A few years ago, a woman approached me after I finished a keynote presentation.
In the speech, I had mentioned the importance of living with intention. That point made an impression. She realized she had not been intentional, particularly as it related to her career. As it turns out, she was a doctor with a very successful practice. She was extremely busy and making more money than she had dreamed possible. “If I’m honest, I think I became a doctor because my father was a doctor.
“But I hate it,” she continued. She was good at what she did. Ever dreamed of launching your own self-hosted WordPress blog? As I later reflected on her situation, I realized job satisfaction requires three components. Passion. If you have all three of these components, you can experience genuine career satisfaction. Do what you love, love what you do: An omnipresent mantra that’s bad for work and workers. Photo courtesy Mario de Armas/design*sponge “Do what you love.
Love what you do.” The command is framed and perched in a living room that can only be described as “well-curated.” A picture of this room appeared first on a popular design blog and has been pinned, tumbl’d, and liked thousands of times. Though it introduces exhortations to labor into a space of leisure, the “do what you love” living room is the place all those pinners and likers long to be. There’s little doubt that “do what you love” (DWYL) is now the unofficial work mantra for our time. Superficially, DWYL is an uplifting piece of advice, urging us to ponder what it is we most enjoy doing and then turn that activity into a wage-generating enterprise.
DWYL is a secret handshake of the privileged and a worldview that disguises its elitism as noble self-betterment. Aphorisms usually have numerous origins and reincarnations, but the nature of DWYL confounds precise attribution. How Van Gogh Found His Purpose: Heartfelt Letters to His Brother on How Relationships Refine Us. Long before Vincent van Gogh became a creative legend and attained such mastery of art that he explained nature better than science, he confronted the same existential challenge many young people and aspiring artists face as they set out to find their purpose and do what they love — something that often requires the discomfiting uncertainty of deviating from the beaten path.
In January of 1879, twenty-six-year-old Van Gogh, who had dropped out of high school, was given a six-month appointment as a preacher in a small village — a job that consisted of giving Bible readings, teaching schoolchildren, and caring for the sick and poor. He devoted himself wholeheartedly to the task and, in solidarity with the poor, gave away all of his possessions to live in a tiny hut, where he slept on the ground.
Emilie Wapnick: Why some of us don't have one true calling. How to Find Your Calling. What’s your passion?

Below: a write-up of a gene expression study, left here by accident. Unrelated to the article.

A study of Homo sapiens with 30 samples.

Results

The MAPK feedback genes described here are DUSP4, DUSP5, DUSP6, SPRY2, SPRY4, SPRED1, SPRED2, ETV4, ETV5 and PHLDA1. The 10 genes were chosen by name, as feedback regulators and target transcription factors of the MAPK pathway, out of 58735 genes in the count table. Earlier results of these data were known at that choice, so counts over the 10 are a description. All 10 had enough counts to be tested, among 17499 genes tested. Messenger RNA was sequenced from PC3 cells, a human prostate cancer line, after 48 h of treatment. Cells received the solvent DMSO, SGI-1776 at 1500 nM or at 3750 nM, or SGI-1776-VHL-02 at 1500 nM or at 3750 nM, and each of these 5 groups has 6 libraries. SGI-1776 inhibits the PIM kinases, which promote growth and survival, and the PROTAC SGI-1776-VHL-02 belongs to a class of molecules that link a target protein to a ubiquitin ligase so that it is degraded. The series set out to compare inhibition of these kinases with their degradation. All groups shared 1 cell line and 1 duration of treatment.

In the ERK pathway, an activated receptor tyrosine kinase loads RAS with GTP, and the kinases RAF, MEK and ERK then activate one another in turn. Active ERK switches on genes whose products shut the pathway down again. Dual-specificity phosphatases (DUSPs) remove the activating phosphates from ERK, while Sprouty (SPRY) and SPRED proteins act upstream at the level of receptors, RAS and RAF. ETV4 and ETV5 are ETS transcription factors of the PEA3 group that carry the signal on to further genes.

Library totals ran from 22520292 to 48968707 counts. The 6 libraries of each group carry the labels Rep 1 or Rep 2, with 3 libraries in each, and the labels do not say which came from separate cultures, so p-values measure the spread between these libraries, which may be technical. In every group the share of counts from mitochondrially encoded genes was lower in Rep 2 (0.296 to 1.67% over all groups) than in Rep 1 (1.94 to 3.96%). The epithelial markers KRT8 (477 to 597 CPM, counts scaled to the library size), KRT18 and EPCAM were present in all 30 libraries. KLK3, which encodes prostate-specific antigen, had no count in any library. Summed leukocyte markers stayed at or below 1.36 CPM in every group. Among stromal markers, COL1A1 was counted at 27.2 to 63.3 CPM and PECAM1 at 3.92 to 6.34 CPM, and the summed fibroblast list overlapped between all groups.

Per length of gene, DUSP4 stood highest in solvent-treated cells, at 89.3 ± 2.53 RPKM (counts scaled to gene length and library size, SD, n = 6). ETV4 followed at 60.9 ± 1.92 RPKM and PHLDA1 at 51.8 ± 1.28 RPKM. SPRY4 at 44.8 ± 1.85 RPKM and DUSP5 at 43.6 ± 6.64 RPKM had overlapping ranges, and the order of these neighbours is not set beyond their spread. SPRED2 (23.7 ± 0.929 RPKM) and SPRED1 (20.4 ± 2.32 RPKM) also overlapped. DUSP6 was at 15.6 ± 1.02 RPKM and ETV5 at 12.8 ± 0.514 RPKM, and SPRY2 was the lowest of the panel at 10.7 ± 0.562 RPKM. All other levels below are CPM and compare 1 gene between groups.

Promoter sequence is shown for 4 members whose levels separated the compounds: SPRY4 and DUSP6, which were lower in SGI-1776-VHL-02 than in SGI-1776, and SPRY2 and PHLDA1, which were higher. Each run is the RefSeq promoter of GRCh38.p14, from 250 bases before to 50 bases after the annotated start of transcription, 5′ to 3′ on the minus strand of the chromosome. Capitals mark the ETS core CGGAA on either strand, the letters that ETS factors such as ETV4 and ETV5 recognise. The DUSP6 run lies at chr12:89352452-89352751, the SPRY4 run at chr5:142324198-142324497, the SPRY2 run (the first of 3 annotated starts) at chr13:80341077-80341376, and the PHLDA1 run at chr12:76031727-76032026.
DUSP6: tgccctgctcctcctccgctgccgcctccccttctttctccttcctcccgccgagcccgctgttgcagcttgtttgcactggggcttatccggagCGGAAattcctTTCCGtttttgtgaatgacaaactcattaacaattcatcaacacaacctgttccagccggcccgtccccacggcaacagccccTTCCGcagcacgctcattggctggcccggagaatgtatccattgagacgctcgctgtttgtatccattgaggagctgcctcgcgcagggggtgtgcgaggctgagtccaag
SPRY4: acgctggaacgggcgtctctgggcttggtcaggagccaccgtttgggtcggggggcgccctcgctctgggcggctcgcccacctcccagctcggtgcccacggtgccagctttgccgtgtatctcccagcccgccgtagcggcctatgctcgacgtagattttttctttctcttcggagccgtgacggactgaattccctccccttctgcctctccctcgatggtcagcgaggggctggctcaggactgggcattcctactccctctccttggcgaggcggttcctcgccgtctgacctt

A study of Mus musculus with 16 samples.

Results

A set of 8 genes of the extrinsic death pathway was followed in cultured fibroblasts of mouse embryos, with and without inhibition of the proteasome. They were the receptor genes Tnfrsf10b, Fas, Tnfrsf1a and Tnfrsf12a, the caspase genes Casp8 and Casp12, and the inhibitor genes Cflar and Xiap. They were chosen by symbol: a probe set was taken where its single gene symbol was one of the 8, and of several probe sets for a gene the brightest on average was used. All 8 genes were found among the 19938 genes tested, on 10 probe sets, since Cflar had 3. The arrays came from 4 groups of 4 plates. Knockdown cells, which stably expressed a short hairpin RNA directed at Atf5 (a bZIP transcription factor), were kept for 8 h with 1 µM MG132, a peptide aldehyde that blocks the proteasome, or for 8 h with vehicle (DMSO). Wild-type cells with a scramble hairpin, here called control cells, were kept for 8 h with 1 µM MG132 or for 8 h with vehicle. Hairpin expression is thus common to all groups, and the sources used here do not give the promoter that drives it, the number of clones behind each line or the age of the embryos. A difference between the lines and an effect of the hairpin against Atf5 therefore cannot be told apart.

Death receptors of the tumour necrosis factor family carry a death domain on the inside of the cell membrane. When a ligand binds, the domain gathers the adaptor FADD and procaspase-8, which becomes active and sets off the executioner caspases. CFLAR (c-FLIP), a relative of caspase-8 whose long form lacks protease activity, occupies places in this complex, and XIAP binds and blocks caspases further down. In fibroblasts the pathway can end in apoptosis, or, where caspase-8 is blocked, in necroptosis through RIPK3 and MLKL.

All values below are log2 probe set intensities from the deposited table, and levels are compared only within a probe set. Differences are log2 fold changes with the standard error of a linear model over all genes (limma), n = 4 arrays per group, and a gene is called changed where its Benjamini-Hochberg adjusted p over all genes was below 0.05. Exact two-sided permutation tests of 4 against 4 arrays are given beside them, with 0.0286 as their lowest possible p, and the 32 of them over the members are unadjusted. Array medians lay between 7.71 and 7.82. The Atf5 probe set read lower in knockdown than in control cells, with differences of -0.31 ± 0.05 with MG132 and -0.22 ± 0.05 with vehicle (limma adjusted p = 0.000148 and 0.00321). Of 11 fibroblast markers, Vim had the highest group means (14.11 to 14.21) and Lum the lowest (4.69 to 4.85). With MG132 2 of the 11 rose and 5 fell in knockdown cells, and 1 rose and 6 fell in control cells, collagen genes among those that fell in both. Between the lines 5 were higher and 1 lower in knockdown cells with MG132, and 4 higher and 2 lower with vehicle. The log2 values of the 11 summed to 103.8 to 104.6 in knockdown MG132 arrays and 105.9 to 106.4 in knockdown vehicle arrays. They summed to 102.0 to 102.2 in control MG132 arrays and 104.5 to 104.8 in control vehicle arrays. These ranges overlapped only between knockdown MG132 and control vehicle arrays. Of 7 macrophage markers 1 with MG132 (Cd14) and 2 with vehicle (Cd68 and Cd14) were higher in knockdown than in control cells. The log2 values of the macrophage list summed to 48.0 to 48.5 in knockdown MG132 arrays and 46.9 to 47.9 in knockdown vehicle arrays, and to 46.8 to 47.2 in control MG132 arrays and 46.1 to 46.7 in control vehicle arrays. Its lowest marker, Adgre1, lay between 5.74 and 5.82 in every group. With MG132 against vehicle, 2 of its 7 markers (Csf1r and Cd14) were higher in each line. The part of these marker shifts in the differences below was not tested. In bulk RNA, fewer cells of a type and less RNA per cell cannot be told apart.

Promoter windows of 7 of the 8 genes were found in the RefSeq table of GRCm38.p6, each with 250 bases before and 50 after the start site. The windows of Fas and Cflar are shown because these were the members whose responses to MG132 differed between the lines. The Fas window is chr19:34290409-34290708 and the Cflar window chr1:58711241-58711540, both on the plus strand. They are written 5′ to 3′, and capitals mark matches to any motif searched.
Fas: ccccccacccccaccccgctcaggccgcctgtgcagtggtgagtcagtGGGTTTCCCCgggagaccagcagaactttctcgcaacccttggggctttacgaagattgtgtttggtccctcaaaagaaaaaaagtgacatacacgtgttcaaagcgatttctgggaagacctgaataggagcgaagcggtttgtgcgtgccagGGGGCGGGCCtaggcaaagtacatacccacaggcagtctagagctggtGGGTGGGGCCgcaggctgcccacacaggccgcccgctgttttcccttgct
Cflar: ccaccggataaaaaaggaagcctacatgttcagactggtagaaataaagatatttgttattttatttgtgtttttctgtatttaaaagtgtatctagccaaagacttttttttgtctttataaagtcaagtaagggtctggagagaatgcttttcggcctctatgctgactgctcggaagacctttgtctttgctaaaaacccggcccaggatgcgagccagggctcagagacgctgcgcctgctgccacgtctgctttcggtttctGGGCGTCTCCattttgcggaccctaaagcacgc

What do you want to do with your life? What do you want to be when you grow up? Do these questions make you shudder? If you are at a total loss for how to even begin to answer the dreaded ‘passion’ question, you are not alone. Let’s kick off this post with a quote from the novel The 5th Wave by Rick Yancey. “God doesn’t call the equipped. God equips the called. And you have been called.” So, with this post, I call on you. Born for This by Chris Guillebeau This is the book that can change the rest of your life. John Dewey on How to Find Your Calling, the Key to a Fulfilling Vocation, and Why Diverse Interests Are Essential for Excellence in Any Field.
“Someone has a great fire in his soul and nobody ever comes to warm themselves at it, and passers-by see nothing but a little smoke at the top of the chimney,” young Vincent van Gogh despaired in a letter to his brother as he floundered for a calling.
The question of how to find our purpose in life and make a living of what we love is indeed a perennial one, the record of its proposed answers stretching at least as far back as Plato, who believed that it was the role of education to uncover each person’s talent, train its mastery, and apply it toward the flourishing of society. More than two millennia later, philosopher, psychologist, and education reformer John Dewey (October 20, 1859–June 1, 1952) — one of the finest minds our civilization has produced, whose insights on how we think and the real role of education continue to refine the human spirit — addressed this abiding question of purpose in his 1916 masterwork Democracy and Education (public library). How to Discern Your Calling [Podcast] What keeps you going when the going gets tough … when you want to quit and walk off the field?
I recently had an experience that made me dig deep and reconnect with my calling. I share it in this episode. But I’m not alone. Tough times are inevitable for each of us. If you aren’t clear about your calling, you will cave in and quit. Click to Listen Subscribe to Podcast in iTunes The word “calling” comes from the Latin word, vocatio. It has four attributes: It is external.